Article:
With guidance from Ottawa Inner City Health, staff and clients at The Salvation Ottawa Army Booth Centre have worked together to keep the centre a safe place to be through the COVID-19 pandemic.
Several measures were immediately put into place in the early days of the pandemic to protect staff and clients. The Ottawa Booth Centre’s management team has been following Ottawa Public Health and Ottawa Inner City Health guidelines to adjust their procedures.
“We discussed best practices and the different PPE needed for different circumstances, so we are providing all the right tools for our staff to be safe while attending to our clients,” said Marc Provost, Executive Director of The Ottawa Booth Centre. “Because of the way the shelters in Ottawa are built it’s impossible to completely distance from one another, but we have changed the way we use our different spaces to provide as much distance between people as possible and it’s been effective.”
As a result of the collaboration and support from Ottawa Inner City Heath there has not been an outbreak of COVID-19 at The Ottawa Booth Centre.
“Their work at keeping us informed has been amazing. As partners they completely understand how we work and they were able to help us adapt protocols to our setting,” said Marc. “Wendy Muckle, Executive Director and Nurse at Ottawa City Health was also able to calm our staff, explain the new procedures and answer questions.”
Wendy Muckle explained that Ottawa Inner City Health worked collaboratively with the shelters to develop an infection control system in preparation of any kind of outbreak which helped them be prepared early.
Some of the things put into place early in the pandemic included increasing cleaning practices and the number of staff, obtaining PPE for staff along with training, keeping clients safe with measures such as hand washing upon entry and operating an isolation unit at The Ottawa Booth Centre for those being tested for COVID-19.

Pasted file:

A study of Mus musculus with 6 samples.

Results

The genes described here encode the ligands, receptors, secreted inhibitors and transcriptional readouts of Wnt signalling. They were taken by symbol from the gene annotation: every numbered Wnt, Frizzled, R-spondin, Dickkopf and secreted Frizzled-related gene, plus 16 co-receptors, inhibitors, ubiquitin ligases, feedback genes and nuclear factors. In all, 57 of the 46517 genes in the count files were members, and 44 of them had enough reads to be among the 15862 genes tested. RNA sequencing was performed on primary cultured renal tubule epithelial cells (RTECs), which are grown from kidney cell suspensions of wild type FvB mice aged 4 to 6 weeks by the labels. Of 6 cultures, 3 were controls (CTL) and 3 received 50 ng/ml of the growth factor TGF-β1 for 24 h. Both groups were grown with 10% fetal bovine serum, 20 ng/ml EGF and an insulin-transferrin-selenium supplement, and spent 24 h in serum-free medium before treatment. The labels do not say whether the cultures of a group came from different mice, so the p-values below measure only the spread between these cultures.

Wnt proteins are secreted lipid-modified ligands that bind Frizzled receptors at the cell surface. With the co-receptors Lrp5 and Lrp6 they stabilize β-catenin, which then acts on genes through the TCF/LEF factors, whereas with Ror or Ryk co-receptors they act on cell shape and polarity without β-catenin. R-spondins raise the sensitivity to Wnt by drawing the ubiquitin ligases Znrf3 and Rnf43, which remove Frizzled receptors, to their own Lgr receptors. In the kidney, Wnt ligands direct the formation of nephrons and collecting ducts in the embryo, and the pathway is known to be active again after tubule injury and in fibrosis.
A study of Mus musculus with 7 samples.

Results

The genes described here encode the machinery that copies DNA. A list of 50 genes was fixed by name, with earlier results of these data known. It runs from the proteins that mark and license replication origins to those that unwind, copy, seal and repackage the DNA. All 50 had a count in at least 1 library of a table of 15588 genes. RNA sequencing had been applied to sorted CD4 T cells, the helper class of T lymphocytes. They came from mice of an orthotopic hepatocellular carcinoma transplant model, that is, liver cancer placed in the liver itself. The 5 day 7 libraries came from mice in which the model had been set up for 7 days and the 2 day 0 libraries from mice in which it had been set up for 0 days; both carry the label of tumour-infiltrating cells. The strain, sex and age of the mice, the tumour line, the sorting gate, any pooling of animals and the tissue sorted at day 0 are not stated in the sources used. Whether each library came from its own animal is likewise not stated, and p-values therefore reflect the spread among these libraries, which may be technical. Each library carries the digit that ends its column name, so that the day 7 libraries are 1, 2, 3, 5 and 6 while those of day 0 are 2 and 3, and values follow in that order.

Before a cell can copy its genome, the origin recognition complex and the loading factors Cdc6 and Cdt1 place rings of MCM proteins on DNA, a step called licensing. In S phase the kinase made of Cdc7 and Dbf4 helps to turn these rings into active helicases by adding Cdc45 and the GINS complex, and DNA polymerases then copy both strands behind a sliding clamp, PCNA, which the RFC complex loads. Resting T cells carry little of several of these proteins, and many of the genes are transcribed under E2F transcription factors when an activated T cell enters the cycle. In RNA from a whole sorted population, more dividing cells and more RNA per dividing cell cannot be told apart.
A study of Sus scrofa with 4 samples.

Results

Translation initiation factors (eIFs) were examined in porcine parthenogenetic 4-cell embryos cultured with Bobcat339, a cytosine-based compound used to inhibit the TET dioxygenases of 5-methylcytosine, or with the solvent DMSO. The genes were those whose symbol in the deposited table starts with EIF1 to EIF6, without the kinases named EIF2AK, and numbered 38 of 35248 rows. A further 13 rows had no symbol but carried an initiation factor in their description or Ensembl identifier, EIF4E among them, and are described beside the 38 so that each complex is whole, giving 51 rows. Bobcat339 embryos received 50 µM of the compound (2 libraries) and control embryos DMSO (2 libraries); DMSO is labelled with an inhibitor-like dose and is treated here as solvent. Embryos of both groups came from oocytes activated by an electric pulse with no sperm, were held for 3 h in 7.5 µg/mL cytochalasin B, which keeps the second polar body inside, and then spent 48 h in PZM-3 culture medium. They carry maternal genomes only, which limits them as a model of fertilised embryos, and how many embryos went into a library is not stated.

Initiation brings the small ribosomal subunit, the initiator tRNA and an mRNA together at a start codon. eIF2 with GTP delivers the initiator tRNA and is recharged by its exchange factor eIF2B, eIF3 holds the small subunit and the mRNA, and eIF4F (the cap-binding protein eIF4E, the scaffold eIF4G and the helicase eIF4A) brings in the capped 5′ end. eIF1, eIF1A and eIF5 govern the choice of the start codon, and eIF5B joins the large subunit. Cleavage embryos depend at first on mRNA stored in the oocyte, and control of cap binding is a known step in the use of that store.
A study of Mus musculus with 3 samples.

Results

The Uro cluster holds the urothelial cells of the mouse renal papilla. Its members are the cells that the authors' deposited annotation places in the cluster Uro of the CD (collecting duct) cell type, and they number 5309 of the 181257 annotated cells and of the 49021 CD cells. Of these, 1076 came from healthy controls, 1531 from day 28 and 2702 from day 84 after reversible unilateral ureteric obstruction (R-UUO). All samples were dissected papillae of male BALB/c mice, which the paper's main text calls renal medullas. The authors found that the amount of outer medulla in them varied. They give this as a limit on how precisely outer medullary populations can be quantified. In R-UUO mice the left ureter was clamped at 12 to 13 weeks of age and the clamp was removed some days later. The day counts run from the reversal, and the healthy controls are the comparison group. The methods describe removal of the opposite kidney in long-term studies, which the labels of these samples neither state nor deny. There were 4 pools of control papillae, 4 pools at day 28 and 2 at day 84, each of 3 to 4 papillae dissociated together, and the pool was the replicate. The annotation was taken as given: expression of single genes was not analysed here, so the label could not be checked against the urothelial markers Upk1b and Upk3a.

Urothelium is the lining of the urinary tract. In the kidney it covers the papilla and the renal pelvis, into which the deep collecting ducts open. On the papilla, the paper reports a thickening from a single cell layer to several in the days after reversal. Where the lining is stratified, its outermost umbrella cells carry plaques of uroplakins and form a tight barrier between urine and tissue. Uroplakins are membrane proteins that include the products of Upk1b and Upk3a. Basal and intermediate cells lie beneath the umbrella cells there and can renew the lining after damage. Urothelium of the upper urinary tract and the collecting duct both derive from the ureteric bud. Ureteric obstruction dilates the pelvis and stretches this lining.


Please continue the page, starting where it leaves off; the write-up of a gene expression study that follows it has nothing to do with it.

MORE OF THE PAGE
Wendy explains that collaboration was key in keeping everyone safe. “Early in the pandemic Ottawa Booth Centre Program Director, Mike White, found PPE items from the H1N1 outbreak, which were tested before use, and then shared with all the shelters. Knowing that that people move between shelters you have to protect everyone.”
“Ottawa was two weeks ahead of other municipalities in locking down shelters. That’s mainly thanks to Ottawa Public Health and Wendy Muckle,” said Mike. “What’s really important is that you need to have a plan in place before a pandemic. The shelters got together and developed one a long time ago and put together processes and procedures for everyone. Trying to scramble without a plan would have been more challenging.”
Marc says both the staff and volunteers have been amazing throughout the pandemic. “I am inspired by them. They do whatever is needed while wearing PPE which is sometimes uncomfortable, but they do it anyway. They are always there for our clients, whether they are physically ill or in need of mental health care,” said Marc. “Nothing has stopped or slowed down here. All of our programs continue to run.”
Clients at The Ottawa Booth Centre have also been generally cooperative with the new measures put in place. “In the beginning I was thinking this pandemic may send clients into a tail-spin, but they have been doing amazing,” said Marc. “They are patient and in good spirits.”
As a result of conversations between the Ottawa Booth Center, the other shelters, the city and Ottawa Inner City Health, the city has opened a centre to help with the overflow of people at the three downtown shelters.
“When you see the hard work being done by our staff; just wow! It’s cool. It’s human behaviour at it’s best. I feel extremely lucky to witness this,” said Marc. “I am also very impressed with our management team. They are going out of their way to make sure everyone is well taken care of. That is a huge responsibility in these challenging times. I am so thankful for them as well.”
When the pandemic started in the early spring, staff at The Ottawa Booth Centre held a meeting.
“Someone said ‘We can’t stop providing service, people depend on them.’ Then there was a brief silence and the person continued ‘Well we will just have to work it out’. I think that’s what I keep from the whole thing,” said Marc. “We’re just going to have to continue to adapt and make it happen. We cannot leave people without the things they need. It’s just not an option for us.”